Not far enough down

Posted: December 5, 2013 in Uncategorized
Tags: , ,

The preeminent theological idea of the nativity, the Christmas season, is incarnation; God enfleshed. The incarnation insists that God becomes flesh, engages and intertwines with the world. For those who have a very transcendent understanding of the divine – a God who is radically other, set apart from creation – this becomes problematic. How can God retain this “otherness” and still cozy up to the created order?

For those of us who have an immanent God, one present in and woven in the fabric of the world, this is not a problem. In fact, it is just the opposite, a solution; the incarnation is the theological answer of how God’s mystery manifests in the world. For one who believes God is in all things the notion that God becomes flesh is not only part of Christology, the way Jesus relates to both God and world; it describes one’s cosmology or the way the universe is itself. God is already incarnated in the world – how else? The Word becomes flesh in Jesus and we realize that is the way God works all the time.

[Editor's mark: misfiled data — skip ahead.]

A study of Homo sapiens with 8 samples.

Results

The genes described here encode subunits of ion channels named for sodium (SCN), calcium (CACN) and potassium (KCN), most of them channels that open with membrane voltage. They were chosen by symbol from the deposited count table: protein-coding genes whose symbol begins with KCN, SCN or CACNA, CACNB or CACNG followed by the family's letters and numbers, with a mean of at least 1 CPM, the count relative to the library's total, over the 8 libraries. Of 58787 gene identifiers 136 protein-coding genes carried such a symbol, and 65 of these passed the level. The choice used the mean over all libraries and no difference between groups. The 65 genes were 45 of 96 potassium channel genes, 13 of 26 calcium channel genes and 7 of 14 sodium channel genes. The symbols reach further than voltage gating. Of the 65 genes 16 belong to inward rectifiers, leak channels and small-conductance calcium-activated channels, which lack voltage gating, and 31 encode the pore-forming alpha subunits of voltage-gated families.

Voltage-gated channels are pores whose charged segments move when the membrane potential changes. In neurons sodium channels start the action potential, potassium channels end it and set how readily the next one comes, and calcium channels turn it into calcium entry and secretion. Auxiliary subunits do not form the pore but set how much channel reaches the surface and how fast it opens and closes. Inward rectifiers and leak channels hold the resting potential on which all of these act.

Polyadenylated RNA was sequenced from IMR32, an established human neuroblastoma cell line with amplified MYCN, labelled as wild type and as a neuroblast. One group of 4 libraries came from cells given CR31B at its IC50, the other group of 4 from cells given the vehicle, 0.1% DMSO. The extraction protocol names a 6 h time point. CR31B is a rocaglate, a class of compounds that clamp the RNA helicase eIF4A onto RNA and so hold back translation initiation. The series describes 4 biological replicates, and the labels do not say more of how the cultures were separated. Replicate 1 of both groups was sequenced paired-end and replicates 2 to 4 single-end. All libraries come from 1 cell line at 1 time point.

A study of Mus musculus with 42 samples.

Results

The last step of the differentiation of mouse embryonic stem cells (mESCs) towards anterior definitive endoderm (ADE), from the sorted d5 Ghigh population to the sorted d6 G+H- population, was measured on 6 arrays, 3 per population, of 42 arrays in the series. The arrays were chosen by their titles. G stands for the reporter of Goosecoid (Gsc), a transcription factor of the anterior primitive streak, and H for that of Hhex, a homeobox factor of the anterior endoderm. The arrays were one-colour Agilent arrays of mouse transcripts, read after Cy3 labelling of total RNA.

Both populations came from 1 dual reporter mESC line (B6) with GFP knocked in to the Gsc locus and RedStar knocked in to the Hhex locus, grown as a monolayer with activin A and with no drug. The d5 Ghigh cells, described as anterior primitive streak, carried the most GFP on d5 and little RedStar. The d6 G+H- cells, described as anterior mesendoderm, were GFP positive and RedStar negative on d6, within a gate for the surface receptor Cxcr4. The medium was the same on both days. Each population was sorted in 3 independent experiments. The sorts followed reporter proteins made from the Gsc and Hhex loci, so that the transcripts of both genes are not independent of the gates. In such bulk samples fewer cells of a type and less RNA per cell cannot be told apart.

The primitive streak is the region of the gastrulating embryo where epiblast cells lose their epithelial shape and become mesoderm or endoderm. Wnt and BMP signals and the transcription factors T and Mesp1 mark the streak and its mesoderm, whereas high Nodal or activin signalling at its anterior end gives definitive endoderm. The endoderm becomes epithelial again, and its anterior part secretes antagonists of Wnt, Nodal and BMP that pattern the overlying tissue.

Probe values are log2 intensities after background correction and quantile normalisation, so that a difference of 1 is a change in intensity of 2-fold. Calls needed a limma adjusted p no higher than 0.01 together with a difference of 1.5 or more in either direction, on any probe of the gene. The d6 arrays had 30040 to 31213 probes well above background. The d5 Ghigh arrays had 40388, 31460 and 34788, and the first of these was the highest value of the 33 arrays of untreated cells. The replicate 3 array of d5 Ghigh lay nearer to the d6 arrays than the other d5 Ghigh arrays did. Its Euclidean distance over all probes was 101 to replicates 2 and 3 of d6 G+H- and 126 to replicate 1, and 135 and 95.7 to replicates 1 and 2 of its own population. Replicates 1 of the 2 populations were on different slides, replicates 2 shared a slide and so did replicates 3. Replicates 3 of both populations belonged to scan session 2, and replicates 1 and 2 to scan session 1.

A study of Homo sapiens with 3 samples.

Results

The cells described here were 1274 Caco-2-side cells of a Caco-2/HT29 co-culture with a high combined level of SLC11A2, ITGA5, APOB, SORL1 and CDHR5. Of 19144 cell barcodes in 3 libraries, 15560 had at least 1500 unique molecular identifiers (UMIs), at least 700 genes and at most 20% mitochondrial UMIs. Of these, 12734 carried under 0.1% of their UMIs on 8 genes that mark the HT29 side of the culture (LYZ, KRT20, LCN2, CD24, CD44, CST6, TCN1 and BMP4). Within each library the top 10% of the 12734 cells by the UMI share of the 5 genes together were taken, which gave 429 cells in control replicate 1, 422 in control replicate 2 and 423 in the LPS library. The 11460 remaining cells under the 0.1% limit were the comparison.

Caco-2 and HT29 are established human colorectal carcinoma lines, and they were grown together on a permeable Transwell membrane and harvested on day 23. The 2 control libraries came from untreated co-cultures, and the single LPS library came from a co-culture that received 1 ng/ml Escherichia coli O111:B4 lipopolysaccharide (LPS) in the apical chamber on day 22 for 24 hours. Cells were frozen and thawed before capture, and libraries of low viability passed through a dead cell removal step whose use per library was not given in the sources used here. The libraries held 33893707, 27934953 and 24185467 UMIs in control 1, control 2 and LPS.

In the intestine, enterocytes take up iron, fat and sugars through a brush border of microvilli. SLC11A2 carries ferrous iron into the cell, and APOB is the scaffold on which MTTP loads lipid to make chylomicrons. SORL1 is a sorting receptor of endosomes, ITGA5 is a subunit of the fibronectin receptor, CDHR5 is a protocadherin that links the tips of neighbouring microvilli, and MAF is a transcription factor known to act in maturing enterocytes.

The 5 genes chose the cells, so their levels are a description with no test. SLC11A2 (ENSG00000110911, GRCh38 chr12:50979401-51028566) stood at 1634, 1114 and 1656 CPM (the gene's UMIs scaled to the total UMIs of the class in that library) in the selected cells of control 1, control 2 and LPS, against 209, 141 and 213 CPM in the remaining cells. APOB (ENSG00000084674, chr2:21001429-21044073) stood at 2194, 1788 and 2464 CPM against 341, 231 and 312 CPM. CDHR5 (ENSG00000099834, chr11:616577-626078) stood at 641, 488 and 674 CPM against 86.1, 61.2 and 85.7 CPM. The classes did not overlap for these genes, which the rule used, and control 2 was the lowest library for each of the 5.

I have to say that this is the season that makes huge theological sense and is, for that reason, one of the most powerful. There is no distance between, say, the creator of the universe and the primal energy present in Mary’s womb, bringing forth a distinct eruption in the continuum of space and time. Of course God is there. How else? What else?

The more we embrace the omnipresent God the more ideas like incarnation will strike a chord. They do with me. And what a great starting place. We start with God enfolding everything and bringing forth everything, even erupting in a life like Jesus, a life born out nowhere eventually overflowing into the everywhere. I love that.

That’s what the Christmas story creates – not an historical explanation, but a theological expression of the way God reveals – in the flesh, baby. In the baby flesh. In the baby. In.

  1. Janie M says:

    Thank you for explaining exactly why my favorite name for God is “Emmanuel”. Not just at Christmas, but every day.